Now, in a study published online in the Proceedings of the Royal Society B, a team that includes researchers from the Woods Hole Oceanographic Institution (WHOI) has confirmed that bubbles do form in live, stranded dolphins. But in many cases, those animals are able to "manage" those bubbles and can resume relatively normal lives of swimming and diving in the ocean.
"Evidence suggests that live dolphins that have been stranded have bubbles that appear not clinically significant," said Michael Moore, a senior research specialist in biology and director of the WHOI Marine Mammal Center.
The multi-institutional research team, led by Sophie Dennison of the Marine Mammal Center in Sausalito Ca., performed ultrasound scans on 22 live stranded and capture-release dolphins. The researchers examined the liver, kidneys, eyes, and blubber-muscle interface.
They found gas in the kidneys of 21 of the live stranded dolphins and in some liver veins of two of the animals. Nine then died or were euthanized, and the presence of bubbles was corroborated by computer tomography and necropsy examinations. Of the remaining 13 that were released, 11 did not re-strand.
The researchers said that off-gassing of supersaturated blood and tissues was the most likely origin for the gas bubbles. "In contrast to marine mammals repeatedly diving in the wild, stranded animals are unable to recompress by diving, and thus may form bubbles," they report in their paper. "Since the majority of beached dolphins released did not re-strand, it also suggests that minor bubble formation is tolerated and will not lead to clinically significant decompression sickness."
The results, Moore said, "suggest that dolphins are possibly managing bubbles routinely to avoid decompression sickness, also known as the bends. Humans likewise manage 'silent bubbles.'" Only a minority of human divers that get bubbles, he added, get the bends.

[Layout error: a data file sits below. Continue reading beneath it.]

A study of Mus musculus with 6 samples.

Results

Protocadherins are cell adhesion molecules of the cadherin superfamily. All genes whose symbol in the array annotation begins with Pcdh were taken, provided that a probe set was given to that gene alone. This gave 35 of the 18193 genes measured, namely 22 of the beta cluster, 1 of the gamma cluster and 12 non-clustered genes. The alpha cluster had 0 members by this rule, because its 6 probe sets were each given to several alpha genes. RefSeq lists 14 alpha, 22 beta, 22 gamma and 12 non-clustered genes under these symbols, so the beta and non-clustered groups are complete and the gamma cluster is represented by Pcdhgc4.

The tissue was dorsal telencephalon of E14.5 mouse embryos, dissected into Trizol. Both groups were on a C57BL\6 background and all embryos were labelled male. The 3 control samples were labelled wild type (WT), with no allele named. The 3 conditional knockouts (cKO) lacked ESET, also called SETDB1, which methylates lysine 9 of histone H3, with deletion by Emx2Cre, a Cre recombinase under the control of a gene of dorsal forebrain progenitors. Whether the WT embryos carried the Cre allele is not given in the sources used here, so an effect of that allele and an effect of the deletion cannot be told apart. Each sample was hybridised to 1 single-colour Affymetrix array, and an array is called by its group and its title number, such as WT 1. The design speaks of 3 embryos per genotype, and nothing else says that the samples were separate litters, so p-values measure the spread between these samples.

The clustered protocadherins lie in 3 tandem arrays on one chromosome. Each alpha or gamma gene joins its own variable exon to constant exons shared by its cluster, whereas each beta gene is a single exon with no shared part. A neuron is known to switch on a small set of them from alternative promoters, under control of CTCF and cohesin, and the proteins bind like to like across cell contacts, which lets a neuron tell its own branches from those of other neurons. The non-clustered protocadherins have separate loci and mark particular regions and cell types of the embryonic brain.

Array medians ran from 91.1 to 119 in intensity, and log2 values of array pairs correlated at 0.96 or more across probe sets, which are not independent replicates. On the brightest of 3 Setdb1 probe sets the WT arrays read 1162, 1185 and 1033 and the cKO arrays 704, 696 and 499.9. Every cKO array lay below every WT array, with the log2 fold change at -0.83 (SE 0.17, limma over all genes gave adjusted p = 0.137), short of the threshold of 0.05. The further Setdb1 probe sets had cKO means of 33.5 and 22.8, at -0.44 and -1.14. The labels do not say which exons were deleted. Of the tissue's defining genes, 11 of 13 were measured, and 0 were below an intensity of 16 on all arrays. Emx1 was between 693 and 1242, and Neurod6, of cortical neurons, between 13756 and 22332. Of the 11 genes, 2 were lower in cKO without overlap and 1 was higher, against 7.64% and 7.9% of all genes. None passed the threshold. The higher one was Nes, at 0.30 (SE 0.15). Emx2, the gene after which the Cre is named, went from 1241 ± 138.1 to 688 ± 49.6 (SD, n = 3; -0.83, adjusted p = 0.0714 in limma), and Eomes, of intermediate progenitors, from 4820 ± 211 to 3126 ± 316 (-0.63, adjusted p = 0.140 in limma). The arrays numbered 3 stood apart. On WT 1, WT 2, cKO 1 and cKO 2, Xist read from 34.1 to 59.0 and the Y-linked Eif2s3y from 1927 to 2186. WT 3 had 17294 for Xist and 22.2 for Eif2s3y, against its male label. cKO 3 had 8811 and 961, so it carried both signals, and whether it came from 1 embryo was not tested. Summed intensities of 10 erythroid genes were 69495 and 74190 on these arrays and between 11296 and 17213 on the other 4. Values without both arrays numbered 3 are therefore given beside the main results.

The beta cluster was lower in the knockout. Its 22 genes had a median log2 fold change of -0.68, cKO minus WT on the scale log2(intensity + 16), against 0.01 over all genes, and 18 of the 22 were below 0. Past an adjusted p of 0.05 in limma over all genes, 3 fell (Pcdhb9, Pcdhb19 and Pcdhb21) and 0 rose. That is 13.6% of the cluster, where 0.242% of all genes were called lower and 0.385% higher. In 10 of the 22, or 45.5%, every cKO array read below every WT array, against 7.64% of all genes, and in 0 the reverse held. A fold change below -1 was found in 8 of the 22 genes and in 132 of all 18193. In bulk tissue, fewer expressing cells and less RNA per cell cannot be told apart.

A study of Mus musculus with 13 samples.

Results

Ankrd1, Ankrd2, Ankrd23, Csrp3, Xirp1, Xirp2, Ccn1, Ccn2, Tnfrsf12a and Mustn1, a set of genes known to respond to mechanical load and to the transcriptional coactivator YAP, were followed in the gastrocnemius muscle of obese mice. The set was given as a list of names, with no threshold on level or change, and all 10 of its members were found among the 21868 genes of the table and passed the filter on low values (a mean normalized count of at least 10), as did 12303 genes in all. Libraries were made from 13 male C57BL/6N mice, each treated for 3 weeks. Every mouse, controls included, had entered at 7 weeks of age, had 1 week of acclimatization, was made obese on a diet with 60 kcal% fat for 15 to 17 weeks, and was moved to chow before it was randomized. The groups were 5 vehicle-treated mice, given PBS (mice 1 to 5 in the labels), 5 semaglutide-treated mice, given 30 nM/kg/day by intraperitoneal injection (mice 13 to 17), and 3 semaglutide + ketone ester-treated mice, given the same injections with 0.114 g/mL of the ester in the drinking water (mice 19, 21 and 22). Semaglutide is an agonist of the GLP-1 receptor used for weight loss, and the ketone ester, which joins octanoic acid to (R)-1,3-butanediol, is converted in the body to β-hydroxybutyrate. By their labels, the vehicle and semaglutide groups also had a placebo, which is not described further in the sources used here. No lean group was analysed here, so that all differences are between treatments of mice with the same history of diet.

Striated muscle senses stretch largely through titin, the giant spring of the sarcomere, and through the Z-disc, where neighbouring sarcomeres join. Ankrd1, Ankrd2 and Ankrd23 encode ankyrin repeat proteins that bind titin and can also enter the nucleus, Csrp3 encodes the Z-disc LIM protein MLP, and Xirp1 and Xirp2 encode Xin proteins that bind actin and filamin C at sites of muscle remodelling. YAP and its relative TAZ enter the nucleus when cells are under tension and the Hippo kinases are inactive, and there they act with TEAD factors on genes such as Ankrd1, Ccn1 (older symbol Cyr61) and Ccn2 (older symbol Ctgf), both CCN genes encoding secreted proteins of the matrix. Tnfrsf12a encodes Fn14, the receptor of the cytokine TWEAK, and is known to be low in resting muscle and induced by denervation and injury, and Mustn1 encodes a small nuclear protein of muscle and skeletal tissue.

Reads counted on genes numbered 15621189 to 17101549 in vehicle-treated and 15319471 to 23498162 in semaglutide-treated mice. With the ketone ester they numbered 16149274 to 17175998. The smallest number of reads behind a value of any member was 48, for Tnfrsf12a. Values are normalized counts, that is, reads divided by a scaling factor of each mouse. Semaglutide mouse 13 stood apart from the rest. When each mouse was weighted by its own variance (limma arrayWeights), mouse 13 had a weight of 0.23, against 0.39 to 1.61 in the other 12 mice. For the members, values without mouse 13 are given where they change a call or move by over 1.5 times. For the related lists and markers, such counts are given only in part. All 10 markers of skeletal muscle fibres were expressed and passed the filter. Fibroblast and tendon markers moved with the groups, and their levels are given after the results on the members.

Moore said it was the observation of bubbles in deceased beaked whales that led to the current study. "In routine decompression, the animal exhibits normal physiology and experiences few bubbles," he said. "But acoustic stressors, such as sonar, seem to change normal bubble management."
"Beaked whales are stranding atypically when exposed to sonar," Moore said. "The beaked whale mortality events have led the current generation of marine mammal physiologists to revisit the question of how marine mammals manage the issue of lung gas being compressed as they dive deeper," he said. "Above the depth of alveolar collapse, a depth at which the gas-exchange surface of the lung is no longer inflated, increasing pressure with depth can cause gases to dissolve in the body; the gases then come back out of solution as they resurface. If this decompression is uncontrolled, bubbles can form. In humans such bubbles can cause joint pain that is relieved by 'bending' limb joints - hence the popular name. It was thought that marine mammals were immune to such problems, but the beaked whale cases reopened this assumption to fresh scrutiny."
Moore said the study is but one piece to the puzzle of possible effects of how human or environmentally induced changes to ocean conditions might affect the health and behavior of dolphins. Nevertheless, he said, "We have shone a bit more light on bubbles in marine mammals."